Designs are said to be elegant when they “don’t try to push things uphill” but instead go with the natural flow of materials and forces.
Consider the Roman arch versus a rectangular doorway with a flat lintel on the top. The flat lintel could be constructed from a superior material than that used in the arch, but the arch is likely to be in place centuries or even millennia after the lintel has cracked and fallen.
The arch is intrinsically stronger because all its members are in compression. It’s simply a more elegant design.
A similar concept applies to making art: There are methods that are artificially labor-intensive and problematic, and there are methods that make use of how materials tend to behave on their own.
This is particularly true when cutting molded glass tile with a special pair of pliers known as a Wheel-Blade Mosaic Glass Cutter or Glass Nipper.
Molded Glass Tile
Cutting molded glass tile isn’t like cutting paper or plastic. The tile isn’t homogenous like these other materials because the glass is melted and cooled to a solid in a mold, (and glass needs a careful heat reduction/cooling curve to avoid the creation of residual thermal stresses inside the glass).
What I mean by that is the structure of the glass isn’t the same at the corners, and I think it is because the glass cools first at the corners and then inward from the edges to the center.
There are also embossing patterns to consider. They can cause cuts to curve instead of having a straight-line break.
For these reasons, you have to be aware of what cuts are practical and make sure you don’t design a detail that requires you to make a cut that takes a lot of trial and error and still doesn’t look right.
The embossing patterns on the bottoms of vitreous glass tiles limits the precision of corner-to-corner cuts made to produce triangular halves.
The tic-tac-toe pattern used for some colors is perhaps the most difficult pattern of embossing to cut into diagonal halves. Most Morjo Vitreous colors have an easier pattern of embossing on their bottoms.
Cutting toward a corner of a vitreous glass tile tends to result in curved or problematic depending on the pattern of embossing on the bottom the tile.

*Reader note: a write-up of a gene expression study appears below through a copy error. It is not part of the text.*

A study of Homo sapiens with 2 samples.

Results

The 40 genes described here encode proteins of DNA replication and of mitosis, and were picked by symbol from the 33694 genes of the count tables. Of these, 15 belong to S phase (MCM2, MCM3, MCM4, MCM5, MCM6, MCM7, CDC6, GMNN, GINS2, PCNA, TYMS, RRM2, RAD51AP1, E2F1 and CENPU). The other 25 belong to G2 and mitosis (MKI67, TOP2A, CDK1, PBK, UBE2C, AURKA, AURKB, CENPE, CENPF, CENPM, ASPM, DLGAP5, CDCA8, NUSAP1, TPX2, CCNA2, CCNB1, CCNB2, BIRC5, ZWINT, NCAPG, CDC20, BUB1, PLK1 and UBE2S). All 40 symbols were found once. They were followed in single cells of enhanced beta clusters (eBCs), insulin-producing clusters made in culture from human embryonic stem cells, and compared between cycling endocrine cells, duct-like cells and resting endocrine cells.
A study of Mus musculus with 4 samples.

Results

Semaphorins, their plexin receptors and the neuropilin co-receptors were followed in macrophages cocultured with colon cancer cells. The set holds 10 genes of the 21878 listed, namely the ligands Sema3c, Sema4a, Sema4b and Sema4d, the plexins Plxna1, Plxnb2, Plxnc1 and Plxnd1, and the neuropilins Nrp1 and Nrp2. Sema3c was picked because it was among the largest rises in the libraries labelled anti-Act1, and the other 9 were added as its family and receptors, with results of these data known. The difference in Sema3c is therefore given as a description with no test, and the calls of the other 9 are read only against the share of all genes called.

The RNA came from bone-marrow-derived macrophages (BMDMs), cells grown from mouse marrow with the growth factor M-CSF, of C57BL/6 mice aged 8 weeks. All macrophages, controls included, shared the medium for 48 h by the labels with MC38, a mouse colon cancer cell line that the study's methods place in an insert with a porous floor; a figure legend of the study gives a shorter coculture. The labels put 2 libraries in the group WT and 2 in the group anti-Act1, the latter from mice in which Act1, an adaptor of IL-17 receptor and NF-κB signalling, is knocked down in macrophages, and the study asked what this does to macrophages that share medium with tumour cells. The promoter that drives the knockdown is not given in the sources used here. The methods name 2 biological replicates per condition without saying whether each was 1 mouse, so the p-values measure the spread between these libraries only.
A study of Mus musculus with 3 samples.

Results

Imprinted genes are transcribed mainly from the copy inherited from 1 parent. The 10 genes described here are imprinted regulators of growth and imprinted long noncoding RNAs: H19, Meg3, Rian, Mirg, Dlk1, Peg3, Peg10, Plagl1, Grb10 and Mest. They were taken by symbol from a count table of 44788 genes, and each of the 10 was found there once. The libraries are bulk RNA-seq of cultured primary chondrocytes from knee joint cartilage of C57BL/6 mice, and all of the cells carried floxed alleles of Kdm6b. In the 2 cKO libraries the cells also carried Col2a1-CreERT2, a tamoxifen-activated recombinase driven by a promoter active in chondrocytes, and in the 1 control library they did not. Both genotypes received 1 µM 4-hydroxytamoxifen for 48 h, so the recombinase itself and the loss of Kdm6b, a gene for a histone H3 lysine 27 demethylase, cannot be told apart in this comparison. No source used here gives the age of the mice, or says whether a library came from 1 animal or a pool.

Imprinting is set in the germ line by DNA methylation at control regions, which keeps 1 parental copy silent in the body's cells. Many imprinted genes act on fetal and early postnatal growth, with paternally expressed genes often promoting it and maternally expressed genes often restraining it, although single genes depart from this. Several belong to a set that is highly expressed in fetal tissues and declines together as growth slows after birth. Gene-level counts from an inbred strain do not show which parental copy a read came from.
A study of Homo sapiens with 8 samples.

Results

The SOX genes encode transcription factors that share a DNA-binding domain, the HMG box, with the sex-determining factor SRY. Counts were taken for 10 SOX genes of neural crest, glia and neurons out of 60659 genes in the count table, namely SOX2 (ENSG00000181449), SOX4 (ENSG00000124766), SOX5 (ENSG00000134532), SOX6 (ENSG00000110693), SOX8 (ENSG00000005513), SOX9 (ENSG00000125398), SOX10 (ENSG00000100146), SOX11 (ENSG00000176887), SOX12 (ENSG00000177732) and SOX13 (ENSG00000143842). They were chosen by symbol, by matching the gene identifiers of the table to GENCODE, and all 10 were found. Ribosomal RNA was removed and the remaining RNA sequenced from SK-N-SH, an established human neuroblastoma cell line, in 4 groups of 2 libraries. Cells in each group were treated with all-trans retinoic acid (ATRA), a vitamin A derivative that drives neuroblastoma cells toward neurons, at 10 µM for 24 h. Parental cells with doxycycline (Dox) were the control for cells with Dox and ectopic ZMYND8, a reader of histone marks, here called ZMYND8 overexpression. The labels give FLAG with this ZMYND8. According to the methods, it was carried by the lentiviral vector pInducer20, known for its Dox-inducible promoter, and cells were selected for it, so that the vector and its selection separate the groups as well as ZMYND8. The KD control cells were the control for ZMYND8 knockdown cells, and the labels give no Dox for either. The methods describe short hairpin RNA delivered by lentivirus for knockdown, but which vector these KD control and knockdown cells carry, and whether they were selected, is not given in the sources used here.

The Ease of Recycled Glass
They are made from an enamel glass that is low-temperature fired from sintered glass, and so they are more homogeneous in composition than vitreous glass tiles and probably have less residual stress from the cooling process.
The also have minimal embossing compared to vitreous glass tile.
The reason we don’t carry any special tiny tiles for micromosaic is because it is too dang easy to cut 8mm into quarters to produce 4mm cuboid tesserae. The 12mm cuts up easily too. You can easily cut pieces smaller than you can easily handle and position.
When cutting glass mosaic tiles diagonally from corner to corner to produce two triangular halves, a certain amount of error has to be tolerated because few if any cuts will be perfectly centered and straight.
Most of the “triangular” halves will be more like exaggerated “half keystone” cuts with one vertex of the triangle actually being a short flat edge instead of a point.
Nest these pieces in a way that accommodates their mutual errors.
Don’t Trim Tile
Attempting to trim small slivers from the side of a tile usually results in jagged or curved edges. Instead of trimming a piece to size, cut 4 or 5 pieces and choose the piece that most closely matches the desired size and shape.
Build rounded or circular elements from smaller pieces in a true mosaic technique. Trimming a square tile into a circular element produces awkward-looking results.
Harness Natural Variation
Consider a mosaic made from curving rows of rectangular tesserae.
If you use rectangles that are perfect halves of square tile, you will end up scrapping a lot of material because most cuts won’t be perfect.
Worse than that, your mosaic won’t have as much visual interest had you made use of less uniform rectangles.
Harness the beauty of imperfection and error.
TIP: The eye is drawn to detail, and there isn’t any detail in perfect uniformity. Make use of slight variations in size and shape to increase visual interest in mosaic images.
Some error is not as beautiful. Concave edges and hourglass-shaped pieces can make odd distracting places in the grout line if they aren’t nested. Avoid putting these pieces next to a straight edge. Cut these pieces in half to eliminate the concave edge.
A curving row of tile will have wider gaps at the outside of the arc unless you “keystone” the tiles to make them wider at the outside like the stones used in Roman arch.
Basic Design Aids
You can tape clear contact paper with the sticky side up to keep tiles from sliding around as you position them. (Later you can pick up the whole mosaic using a sheet of clear mosaic mounting tape or mounting paper.)
You can put a pattern under the contact paper and lay your tile out for the whole pattern without it sliding around.
You can use ordinary objects such as round bowls and lids as positioning tools for curves. More complex edges and curves can be laid out using a combination of a straight edge (ruler) and multiple circular objects of different diameters.